Banking On A Better Future: Beneficial State Bank Aims To Transform A Traditional Industry By Empowering Consumers And Communities

Better Banking

This article originally appeared in Forbes, on September 2, 2021

By Christopher Marquis

In establishing Beneficial State Bank as a financial institution with social and environmental impact in mind, co-founders Kat Taylor and Tom Steyer saw an opportunity to serve as an example for others in the U.S. financial industry, which handles trillions of dollars in finances daily. The potential for positive change is great in a system where , and even smaller financial institutions oversee millions.   

“It’s a very powerful system that has monopolistic tendencies. Banking is really a utility that should be governed in the public interest,” Taylor says. “We had a hunch that this powerful positive public system was going terribly awry, and somebody had to set an example for the banking industry that said, ‘You can be financially sustainable without trashing people or the planet.’”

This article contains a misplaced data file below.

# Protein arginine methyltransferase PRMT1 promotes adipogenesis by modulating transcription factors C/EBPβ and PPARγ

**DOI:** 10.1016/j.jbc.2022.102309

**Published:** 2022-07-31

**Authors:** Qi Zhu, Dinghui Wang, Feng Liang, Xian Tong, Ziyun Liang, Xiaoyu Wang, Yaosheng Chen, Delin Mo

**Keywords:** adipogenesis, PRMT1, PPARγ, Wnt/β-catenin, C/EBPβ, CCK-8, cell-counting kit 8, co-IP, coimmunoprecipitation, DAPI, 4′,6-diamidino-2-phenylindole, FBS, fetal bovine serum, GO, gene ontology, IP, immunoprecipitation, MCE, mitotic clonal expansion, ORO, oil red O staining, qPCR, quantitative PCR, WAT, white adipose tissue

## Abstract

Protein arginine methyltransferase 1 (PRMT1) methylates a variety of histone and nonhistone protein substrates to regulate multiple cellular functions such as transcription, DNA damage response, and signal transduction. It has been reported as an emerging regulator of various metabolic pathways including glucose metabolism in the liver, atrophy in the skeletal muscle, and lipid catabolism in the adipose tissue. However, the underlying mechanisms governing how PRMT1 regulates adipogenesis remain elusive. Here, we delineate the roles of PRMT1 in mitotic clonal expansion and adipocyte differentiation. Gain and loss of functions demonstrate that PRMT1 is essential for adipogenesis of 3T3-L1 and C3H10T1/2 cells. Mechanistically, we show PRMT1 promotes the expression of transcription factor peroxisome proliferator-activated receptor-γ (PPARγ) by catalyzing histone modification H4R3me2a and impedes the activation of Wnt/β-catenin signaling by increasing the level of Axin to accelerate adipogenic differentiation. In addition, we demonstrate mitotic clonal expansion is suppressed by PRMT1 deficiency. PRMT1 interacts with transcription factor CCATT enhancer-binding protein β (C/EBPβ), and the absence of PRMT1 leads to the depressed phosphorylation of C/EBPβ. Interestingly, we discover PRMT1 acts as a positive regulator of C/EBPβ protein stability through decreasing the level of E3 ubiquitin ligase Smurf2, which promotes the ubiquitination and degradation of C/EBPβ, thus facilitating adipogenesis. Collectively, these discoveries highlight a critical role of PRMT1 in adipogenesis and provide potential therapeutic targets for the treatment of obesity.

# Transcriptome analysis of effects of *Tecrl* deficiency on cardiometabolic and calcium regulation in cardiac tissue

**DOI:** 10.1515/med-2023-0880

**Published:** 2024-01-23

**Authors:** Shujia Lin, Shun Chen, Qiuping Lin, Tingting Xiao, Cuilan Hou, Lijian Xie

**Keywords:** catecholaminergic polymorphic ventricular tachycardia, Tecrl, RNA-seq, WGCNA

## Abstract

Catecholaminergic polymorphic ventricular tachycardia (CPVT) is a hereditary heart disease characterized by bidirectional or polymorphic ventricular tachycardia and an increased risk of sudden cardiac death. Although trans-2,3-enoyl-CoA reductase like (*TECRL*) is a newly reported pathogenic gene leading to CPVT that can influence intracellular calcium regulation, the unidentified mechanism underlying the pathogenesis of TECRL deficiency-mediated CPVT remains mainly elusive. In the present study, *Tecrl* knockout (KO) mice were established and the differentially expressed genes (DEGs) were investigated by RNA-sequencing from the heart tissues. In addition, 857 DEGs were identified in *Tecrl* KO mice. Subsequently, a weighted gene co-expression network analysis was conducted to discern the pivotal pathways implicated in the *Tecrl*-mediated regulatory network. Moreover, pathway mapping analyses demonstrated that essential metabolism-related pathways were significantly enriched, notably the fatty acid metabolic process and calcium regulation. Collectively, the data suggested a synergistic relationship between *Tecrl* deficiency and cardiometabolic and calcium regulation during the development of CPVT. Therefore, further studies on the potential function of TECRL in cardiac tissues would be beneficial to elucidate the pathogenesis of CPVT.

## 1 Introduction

They launched Beneficial State Bank in 2007, just before the Great Recession, as a foundation-owned, for-profit bank as well as a Community Development Financial Institution and Certified B Corporation. All of that adds up to a mission-focused bank committed to doing good in its communities — so the money goes toward community, environmental, and social benefit. With about $1.5 billion in assets, Beneficial State Bank has offices in California, Oregon, and Washington, and an eye on expansion of its services to provide more people a banking option with positive impact. 

By establishing Beneficial State Foundation as the owner of the bank’s economic rights and a public charity, Taylor and Steyer sought to ensure that no entity would use its resources for self-serving interests and instill the community connection from the start. The foundation works with coalitions, campaigns, and other partnerships to advance social and economic justice, and environmental advocacy.

In 2020, Taylor shifted from her role as CEO to a member of the bank’s Board of Directors, and Randell Leach was named to succeed her. As a longtime COO at Beneficial State Bank, Leach is familiar with its unique value set that helps it envision and provide new products, services, and outcomes for its customers and community partners.